What Makes a Valid Will in Georgia?

A valid will is important for ensuring that your assets are distributed to your heirs and beneficiaries as you wish. Georgia law enumerates specific requirements that must be met for a will to be valid. The statutes concern the testator’s (the person who creates the will) age and mindset and how the will is executed. Several factors can invalidate your will, such as it being made because of duress or undue influence. If your will is believed or found to be invalid, heirs or beneficiaries may contest it and/or the court may distribute property based on intestate laws as opposed to how you wanted.

Because of the complexities involved in creating a will, it’s beneficial to have legal counsel while making yours. Reach out to a member of our Marietta team at Busch, Reed, Jones & Leeper, P.C. by calling (770) 629-0154 or submitting an online contact form today.

Why Is It Important to Have a Valid Will?

A will is a legal document containing your wishes for how you want your property to be distributed after your passing. You can also include who you want to care for your minor children.

With your wishes made explicit in a will, you can ensure that the people you want to have specific items get them and that your children are looked after by someone you trust. Without a valid will, Georgia law will determine how your assets are distributed and who has guardianship over your children.

What Are the Requirements for a Valid Will in Georgia?

Your will must be valid for your property to be distributed according to your wishes.

The legal requirements for a valid will include the following:

  • Testator is of age: You must be 14 years of age or older to make a will in Georgia.
  • Testator’s competency: It must have been your desire and choice to create the will and have your property distributed to certain individuals.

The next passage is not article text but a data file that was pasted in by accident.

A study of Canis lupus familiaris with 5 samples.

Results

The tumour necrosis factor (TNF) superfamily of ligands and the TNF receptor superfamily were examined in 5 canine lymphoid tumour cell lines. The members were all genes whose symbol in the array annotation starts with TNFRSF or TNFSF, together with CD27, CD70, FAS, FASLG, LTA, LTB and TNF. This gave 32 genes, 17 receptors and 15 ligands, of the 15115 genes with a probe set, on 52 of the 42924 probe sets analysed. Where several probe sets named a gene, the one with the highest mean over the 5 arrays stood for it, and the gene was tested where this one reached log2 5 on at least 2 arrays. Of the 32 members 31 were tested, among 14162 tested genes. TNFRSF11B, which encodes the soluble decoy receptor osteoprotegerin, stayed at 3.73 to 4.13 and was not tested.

• Testator’s freedom of choice: You must have developed your will freely and voluntarily.
  • Written: Your will must be written, whether by hand or typed.
  • Testator’s signature: You must sign your will. If you are physically unable to provide your signature, you can have someone sign it on your behalf.
  • Witnessed: Two or more competent individuals, at least 14 years of age, must be in your presence when you create your will. They must also sign it.
  • Testator’s knowledge of contents: You must be aware of what your will contains.

Your will does not have to be notarized for it to be valid. However, having a notary witness the signing of your will can facilitate a more efficient probate process. Additionally, making your will self-proving, meaning that you have a notarized affidavit verifying the identity of you and your witnesses, can also make probate quicker.

What Happens If a Will Is Invalid?

The court cannot accept an invalid will. Thus, your property will not be distributed according to your wishes. Instead, it will be passed down based on intestate laws.

Intestate succession dictates that assets be distributed as follows:

  • Spouse
  • Children
  • Spouse and children
  • Parents
  • Siblings
  • Grandparents
  • Aunts/uncles
  • Cousins

Beneficiaries and heirs may also question the validity of a will. They may file documents with the court to contest it, triggering a lengthy and contentious court process.

Some of the reasons your will may be considered invalid include the following:

  • You were underage when you created it,
  • You established it while under duress or because of fraudulent practices, misrepresentation, or undue influence,
  • It is an audio or video recording, or
  • It is not signed by yourself or at least two witnesses.

A Lawyer Can Help Draft Your Will

A will helps protect your legacy after your passing. However, if it’s not valid, issues can arise concerning who gets what assets and who takes care of your children. A lawyer can assist in creating your will and ensuring that it aligns with Georgia’s statutes. Having a well-thought-out document that complies with the law can help your heirs and beneficiaries avoid disputes and receive the property you intended for them.

If you need help with your will, please speak with one of our Marietta lawyers at Busch, Reed, Jones & Leeper, P.C. by contacting us at (770) 629-0154.